London (change)
10 messages
02/07/2012 at 11:09

Can anyone help identify the specis of tree in the attached photo?

Apologies if the answer is obvious... wouldn't have the first clue where to start.


02/07/2012 at 11:16

Might be a sycamore -can you takea close-up of the leaves

02/07/2012 at 11:18

Thanks for the quick response... I'll take a close-up later & re-post.

02/07/2012 at 15:07

The leaves in the foreground look like Ash to me but I think that's the tree at the back as the bark looks wrong for Ash.  There is mottling on the bark which would indicate Sycamore.  Either way they both look rather too close to the wall.  They will get to be very big trees in no time.

It's a shame my son's on holiday - he would know as he is a forrester.

02/07/2012 at 15:17

Thanks... any idea on maximum height for both species?

The tress aren't actually inside my boundary. This photo was taken from the other side of the boundary wall. Not sure who planted them or how they got there.

02/07/2012 at 15:41

Then they are seedlings which makes that it more likely that one is a sycamore-if they are close to your boundary I fear for that wall and the roots are in your garden-I would advise that you take action to have them removed-is it private or council land?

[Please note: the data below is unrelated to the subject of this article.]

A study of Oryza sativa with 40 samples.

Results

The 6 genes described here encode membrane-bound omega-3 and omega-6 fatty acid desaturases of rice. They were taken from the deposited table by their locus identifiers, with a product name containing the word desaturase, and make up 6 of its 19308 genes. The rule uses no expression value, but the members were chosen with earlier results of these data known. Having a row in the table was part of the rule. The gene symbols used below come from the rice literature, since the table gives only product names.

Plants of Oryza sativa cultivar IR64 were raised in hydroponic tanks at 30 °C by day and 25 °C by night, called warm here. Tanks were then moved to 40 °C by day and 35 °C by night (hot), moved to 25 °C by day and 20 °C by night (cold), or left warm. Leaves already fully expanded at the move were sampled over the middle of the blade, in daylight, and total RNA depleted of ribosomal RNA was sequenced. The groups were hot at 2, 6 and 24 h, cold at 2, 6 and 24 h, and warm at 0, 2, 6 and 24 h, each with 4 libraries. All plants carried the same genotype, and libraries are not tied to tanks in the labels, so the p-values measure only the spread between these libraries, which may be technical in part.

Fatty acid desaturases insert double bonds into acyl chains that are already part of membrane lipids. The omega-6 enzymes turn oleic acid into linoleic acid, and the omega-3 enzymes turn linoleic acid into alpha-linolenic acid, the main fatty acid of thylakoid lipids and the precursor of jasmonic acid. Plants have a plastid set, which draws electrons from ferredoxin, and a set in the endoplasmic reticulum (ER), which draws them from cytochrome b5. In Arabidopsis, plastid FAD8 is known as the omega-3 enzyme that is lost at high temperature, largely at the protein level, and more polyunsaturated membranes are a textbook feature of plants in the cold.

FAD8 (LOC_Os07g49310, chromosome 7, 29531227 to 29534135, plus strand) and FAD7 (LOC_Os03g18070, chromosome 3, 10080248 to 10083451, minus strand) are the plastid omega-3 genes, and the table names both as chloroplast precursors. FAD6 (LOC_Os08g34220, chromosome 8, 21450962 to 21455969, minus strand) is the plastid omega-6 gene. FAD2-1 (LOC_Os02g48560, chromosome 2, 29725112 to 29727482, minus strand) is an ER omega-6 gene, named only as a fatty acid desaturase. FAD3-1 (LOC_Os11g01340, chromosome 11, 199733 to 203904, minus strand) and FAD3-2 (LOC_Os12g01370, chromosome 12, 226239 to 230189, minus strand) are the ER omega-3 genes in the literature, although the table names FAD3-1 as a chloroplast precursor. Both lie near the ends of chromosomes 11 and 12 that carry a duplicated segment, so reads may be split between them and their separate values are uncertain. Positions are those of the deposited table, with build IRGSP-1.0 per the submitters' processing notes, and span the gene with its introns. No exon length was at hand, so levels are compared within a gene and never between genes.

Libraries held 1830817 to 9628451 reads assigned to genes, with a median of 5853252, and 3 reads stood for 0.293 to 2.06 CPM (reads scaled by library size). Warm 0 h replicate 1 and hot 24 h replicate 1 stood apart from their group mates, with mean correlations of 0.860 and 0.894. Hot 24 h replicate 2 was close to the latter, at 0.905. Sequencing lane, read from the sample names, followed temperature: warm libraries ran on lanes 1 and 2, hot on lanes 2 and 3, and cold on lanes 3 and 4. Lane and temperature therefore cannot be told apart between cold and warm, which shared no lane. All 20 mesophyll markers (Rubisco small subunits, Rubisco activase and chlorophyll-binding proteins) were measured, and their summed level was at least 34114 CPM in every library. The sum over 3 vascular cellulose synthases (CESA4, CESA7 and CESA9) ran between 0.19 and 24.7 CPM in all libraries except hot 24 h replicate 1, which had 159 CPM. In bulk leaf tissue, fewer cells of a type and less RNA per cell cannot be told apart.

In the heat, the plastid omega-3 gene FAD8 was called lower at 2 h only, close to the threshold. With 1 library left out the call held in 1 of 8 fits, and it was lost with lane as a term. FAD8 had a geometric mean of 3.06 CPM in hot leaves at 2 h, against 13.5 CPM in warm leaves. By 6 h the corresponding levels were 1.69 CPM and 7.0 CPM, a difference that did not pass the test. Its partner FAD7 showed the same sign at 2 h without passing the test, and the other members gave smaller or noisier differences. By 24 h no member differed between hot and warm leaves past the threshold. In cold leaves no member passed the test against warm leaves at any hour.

These are big trees.

04/07/2012 at 16:53

i have a thread called 'mystery tree' with clear photos of a goat willow (pussy willow) that came up in my garden. You could have a look at it and see if these are the same. I thin k they might be the most common tree in Britain and yours looks similar ro me. If so, they don't get huge. They do seed themselves everywhere, though.

04/07/2012 at 17:47

When you click on the picture it gets bigger - the tree behind the piece of furniture looks as if it could be a Rowan (Mountain Ash).  Does it have creamy white flowers in spring and red berries in autumn?

05/07/2012 at 01:42

Both trees appear to be Ash.  They should be removed ASAP as they are too close to the wall.  Frankly that cherry doesn't look too healthy.

05/07/2012 at 08:13

The Woodland Trust website has a tree identifier you could try.